Accuracy in Media

The mainstream media hyped a report that the Russian government planned to interfere in the 2020 presidential elections on the side of President Donald Trump last week. But the media later corrected its initial reporting when other national intelligence sources told them that the statement was incorrect and was based on conjecture.

Yet national intelligence officials told NBC News that they were concerned that lawmakers on both sides of the political aisle misinterpreted and weaponized the initial and erroneous analysis. The news outlet said that officials are “concerned” that their assessment of Russian interference was “distorted and weaponized for political gain” in the current political environment.

The controversy first began when intelligence official Shelby Pierson gave a briefing to lawmakers. During the briefing, Pierson “overstated” her assessment that Russia was going to help re-elect Trump in 2020. CNN cited a source who said that Pierson omitted “important nuance” in her assessment to Democratic Party lawmakers in the briefing.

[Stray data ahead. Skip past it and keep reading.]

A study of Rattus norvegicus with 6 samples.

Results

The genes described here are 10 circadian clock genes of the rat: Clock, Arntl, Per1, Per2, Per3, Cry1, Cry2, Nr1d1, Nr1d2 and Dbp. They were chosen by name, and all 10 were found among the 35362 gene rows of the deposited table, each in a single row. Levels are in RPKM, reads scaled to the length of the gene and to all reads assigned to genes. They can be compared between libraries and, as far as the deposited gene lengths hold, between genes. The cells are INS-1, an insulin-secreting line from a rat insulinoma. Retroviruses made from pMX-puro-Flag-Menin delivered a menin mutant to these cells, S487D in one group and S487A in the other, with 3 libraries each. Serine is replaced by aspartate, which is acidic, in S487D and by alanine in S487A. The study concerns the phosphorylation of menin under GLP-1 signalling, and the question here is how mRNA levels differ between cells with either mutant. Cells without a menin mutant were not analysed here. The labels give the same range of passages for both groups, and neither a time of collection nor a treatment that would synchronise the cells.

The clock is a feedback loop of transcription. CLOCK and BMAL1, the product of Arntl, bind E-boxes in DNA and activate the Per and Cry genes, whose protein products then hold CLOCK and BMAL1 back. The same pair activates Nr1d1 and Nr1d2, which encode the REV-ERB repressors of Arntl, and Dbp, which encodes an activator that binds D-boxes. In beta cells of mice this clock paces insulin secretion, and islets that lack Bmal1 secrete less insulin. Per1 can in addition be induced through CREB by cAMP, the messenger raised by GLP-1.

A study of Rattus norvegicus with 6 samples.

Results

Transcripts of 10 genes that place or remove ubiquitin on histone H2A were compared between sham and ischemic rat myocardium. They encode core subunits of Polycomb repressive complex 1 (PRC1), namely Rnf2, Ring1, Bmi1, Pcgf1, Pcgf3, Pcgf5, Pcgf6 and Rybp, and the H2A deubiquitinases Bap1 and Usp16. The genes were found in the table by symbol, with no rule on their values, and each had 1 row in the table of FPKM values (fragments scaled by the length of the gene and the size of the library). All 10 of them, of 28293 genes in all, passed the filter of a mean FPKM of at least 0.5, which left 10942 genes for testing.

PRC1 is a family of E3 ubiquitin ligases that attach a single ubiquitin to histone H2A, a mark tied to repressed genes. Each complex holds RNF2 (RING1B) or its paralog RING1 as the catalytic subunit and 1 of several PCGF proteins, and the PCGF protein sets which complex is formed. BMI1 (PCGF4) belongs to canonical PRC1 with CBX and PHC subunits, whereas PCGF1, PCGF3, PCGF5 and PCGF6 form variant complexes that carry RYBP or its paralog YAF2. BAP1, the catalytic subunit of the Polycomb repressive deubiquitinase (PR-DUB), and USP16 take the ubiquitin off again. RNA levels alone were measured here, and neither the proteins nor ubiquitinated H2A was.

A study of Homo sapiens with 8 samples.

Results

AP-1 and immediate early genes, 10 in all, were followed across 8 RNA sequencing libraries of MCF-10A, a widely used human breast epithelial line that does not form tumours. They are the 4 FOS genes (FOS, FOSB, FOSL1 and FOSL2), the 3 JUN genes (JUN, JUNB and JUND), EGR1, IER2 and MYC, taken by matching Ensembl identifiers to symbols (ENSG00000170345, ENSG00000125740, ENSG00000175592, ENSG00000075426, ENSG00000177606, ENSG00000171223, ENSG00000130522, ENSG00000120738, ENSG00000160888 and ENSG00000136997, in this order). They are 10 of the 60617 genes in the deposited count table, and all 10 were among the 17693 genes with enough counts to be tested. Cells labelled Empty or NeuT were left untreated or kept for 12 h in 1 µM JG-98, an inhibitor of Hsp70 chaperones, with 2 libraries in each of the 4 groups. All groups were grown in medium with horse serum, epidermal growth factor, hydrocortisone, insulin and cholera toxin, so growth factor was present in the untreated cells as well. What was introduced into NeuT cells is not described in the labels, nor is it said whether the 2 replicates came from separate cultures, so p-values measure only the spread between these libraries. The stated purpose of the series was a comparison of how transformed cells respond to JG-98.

Intelligence officials did not place all the blame on Pierson, but the lawmakers who attended the briefing (though not by name). Instead, officials told NBC News that the overstatement was “fueled…by a misinterpretation by some Democratic lawmakers.” They affirmed the Pierson did not tell lawmakers that Russia was working to re-elect Trump and that the issue required nuance. Officials also said that current intelligence does not show that Russians are “actively taking steps to help Trump now” unlike the 2016 election.

It was hypocritical for intelligence officials to go to the media and play victim, without criticizing a critical mistake made by one of its own, Shelby Pierson. Though the intelligence community has clarified Pierson’s comment, it chose to blame lawmakers for misinterpreting her comment without admitting Pierson’s contribution to said misinterpretation.

The intelligence community should move on from Pierson’s mistake since it has corrected her mistake in the press, and refrain from blaming lawmakers. The blame lies on the intelligence community for failing to accurately tell lawmakers about Russian interference in 2020.